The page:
Looking globally: the future of education


The most recent approach of the three considered here is the capabilities model, developed initially by Amartya Sen (2010) whose writings concern social justice, quality of life and the removal of inequality. This model is based on the concepts of ‘capabilities’ and ‘functionings’. Capabilities are what each person is able to be and do – what Sen calls ‘substantial freedoms’ (p. 253). These are freedoms or opportunities for choice and action that an individual possesses, created by a combination of their personal abilities and the political, social and economic environment. This approach has its origins in the ideas of self-realisation from nineteenth and twentieth century philosophers such as John Stuart Mill (1806–1873) and Rabindranath Tagore (1861–1941).

Functionings are the realisation of capabilities. Capabilities are important because they lead to functionings, but also because they are ‘spheres’ of choice and freedom (Sen, 2010) – in this model the freedom to choose has an intrinsic value. To distinguish between capability and functioning, Sen uses the example of the starving person and the fasting person. Both have the same kind of functioning with regard to nutrition but they do not have the same capability; the fasting person is able to choose to stop fasting but the starving person has no choice.

Activity 4 Exploring the capabilities model

Timing: Allow approximately 30 minutes

Watch this two-minute animation in which we outline the capabilities model for you. It is worth watching the animation two or three times to ensure you have a good understanding of the model so that you can consider its implications for education. You should make notes as you watch, as you will return to reflect on this model later in the course.


  • What are the important aspects of the capabilities model for education?

More about the capabilities model

The capabilities model argues that by expanding individual capabilities, people are given the opportunity to realise functionings that they value, and develop personal well-being. Thus more help should be given to those who need it more, e.g. pupils with disabilities, to enable them to have the freedom to choose between functionings. Some theorists such as Robeyns (2006) and Nussbaum (2003) consider there is a list of core capabilities – for example, the capability of critical thinking. However, others such as Sen (2010) suggest that key capabilities should be defined by those engaged in the problem in the context. In a capabilities approach, the pedagogic focus is on the development of autonomy and the capacity to make choices through one’s life. Hence the outcomes are more than just literacy and numeracy achievements, but the range of freedoms which support the condition of being educated.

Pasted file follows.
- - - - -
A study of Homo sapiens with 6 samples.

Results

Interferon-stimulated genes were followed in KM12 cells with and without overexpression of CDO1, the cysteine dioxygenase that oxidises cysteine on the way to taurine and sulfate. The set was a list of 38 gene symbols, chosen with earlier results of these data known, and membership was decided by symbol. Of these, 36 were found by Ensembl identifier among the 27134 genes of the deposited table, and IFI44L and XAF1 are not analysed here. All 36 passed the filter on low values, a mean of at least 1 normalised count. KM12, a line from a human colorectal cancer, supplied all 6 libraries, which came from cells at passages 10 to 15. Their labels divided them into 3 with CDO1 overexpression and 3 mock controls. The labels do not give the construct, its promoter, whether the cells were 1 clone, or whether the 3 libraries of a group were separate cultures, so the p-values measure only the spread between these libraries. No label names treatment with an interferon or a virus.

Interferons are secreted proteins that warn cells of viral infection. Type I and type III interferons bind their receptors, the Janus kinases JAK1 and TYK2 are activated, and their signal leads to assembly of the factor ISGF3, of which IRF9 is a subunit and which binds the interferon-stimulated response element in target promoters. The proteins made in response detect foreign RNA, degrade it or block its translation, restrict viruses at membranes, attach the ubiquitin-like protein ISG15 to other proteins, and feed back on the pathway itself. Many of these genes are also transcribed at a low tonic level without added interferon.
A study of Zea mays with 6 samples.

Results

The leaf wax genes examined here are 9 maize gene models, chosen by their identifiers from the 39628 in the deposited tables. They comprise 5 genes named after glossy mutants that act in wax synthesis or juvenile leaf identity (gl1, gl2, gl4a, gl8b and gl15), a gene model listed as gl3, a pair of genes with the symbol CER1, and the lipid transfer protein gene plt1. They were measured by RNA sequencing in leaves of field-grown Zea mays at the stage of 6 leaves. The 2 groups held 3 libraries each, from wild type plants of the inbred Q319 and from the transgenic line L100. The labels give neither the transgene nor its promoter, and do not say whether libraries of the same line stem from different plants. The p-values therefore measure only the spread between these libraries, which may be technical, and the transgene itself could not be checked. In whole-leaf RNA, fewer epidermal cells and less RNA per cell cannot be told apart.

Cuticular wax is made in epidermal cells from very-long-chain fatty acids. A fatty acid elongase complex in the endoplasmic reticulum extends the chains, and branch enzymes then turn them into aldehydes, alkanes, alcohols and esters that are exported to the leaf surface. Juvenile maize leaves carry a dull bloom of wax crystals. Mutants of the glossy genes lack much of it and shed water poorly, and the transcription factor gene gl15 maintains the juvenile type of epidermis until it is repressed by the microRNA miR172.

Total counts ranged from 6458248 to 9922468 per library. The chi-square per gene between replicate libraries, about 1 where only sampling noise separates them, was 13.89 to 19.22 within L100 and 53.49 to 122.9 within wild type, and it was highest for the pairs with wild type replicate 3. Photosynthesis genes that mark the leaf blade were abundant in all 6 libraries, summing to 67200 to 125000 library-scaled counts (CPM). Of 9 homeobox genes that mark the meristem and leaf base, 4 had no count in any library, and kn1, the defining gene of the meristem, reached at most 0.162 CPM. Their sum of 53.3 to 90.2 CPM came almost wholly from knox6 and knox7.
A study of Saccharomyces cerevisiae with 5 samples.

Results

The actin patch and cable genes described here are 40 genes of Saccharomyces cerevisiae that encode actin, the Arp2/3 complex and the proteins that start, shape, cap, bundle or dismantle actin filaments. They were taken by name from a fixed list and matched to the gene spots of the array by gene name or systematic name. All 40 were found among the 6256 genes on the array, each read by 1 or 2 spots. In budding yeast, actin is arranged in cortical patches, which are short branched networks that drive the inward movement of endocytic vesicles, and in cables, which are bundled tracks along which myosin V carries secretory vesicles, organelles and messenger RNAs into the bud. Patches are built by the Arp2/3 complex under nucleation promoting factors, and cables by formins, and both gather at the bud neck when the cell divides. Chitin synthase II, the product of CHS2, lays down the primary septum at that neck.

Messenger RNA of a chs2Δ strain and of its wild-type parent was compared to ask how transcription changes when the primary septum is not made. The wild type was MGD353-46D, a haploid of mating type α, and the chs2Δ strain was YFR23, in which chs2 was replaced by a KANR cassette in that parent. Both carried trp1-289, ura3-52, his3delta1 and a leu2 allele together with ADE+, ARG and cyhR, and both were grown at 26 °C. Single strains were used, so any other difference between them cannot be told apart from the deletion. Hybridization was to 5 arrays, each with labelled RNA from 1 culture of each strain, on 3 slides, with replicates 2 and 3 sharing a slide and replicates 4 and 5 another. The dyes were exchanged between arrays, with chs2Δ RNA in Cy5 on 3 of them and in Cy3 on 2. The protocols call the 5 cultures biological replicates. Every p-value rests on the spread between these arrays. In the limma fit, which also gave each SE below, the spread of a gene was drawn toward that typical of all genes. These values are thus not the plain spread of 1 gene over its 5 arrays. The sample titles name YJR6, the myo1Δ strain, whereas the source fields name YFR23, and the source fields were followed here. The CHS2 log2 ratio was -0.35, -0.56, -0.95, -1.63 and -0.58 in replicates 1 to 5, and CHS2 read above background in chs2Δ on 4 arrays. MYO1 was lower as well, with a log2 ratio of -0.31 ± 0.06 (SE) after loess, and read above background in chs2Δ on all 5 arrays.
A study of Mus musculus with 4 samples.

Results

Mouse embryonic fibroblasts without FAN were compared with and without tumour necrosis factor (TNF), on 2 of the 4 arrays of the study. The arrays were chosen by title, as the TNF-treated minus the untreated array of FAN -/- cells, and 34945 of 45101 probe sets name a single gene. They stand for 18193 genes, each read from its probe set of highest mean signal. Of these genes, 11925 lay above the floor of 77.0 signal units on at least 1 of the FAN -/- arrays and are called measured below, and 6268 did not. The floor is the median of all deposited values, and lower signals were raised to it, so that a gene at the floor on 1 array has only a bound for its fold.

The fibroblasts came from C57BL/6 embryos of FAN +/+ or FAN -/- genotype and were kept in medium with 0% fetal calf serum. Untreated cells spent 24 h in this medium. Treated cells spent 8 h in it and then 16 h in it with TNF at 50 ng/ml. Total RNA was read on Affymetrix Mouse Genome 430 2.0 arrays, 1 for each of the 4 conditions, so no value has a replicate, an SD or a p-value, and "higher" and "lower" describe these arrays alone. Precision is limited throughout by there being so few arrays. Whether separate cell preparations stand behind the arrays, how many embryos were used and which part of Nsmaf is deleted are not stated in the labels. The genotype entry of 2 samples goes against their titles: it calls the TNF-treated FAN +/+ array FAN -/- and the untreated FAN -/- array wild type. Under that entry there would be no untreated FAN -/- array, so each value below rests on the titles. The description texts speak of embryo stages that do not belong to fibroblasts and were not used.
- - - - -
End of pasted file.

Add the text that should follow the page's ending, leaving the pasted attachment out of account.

A number of scholars (e.g. Pogge, 2002 and Gore, 1997) suggest that the capabilities model is too individualistic with its focus on how each individual can flourish, and that it pays insufficient attention to structural issues (e.g. how schools are funded, built and staffed) and the concerns of communities. Several authors (e.g. Robeyns, 2006 and Tickly and Barrett, 2011) argue that there must be a connectedness, in thinking and practices, between giving attention to individual capability agendas within education and to the promotion of wider social and political liberties. Such connectedness is important as otherwise, for example, a society may educate people to have the capability for political free speech but deny them the opportunity to exercise this in practice. Conversely, a state may make it open for everyone to participate in democratic activity but not deliver the basic education that would enable them to participate.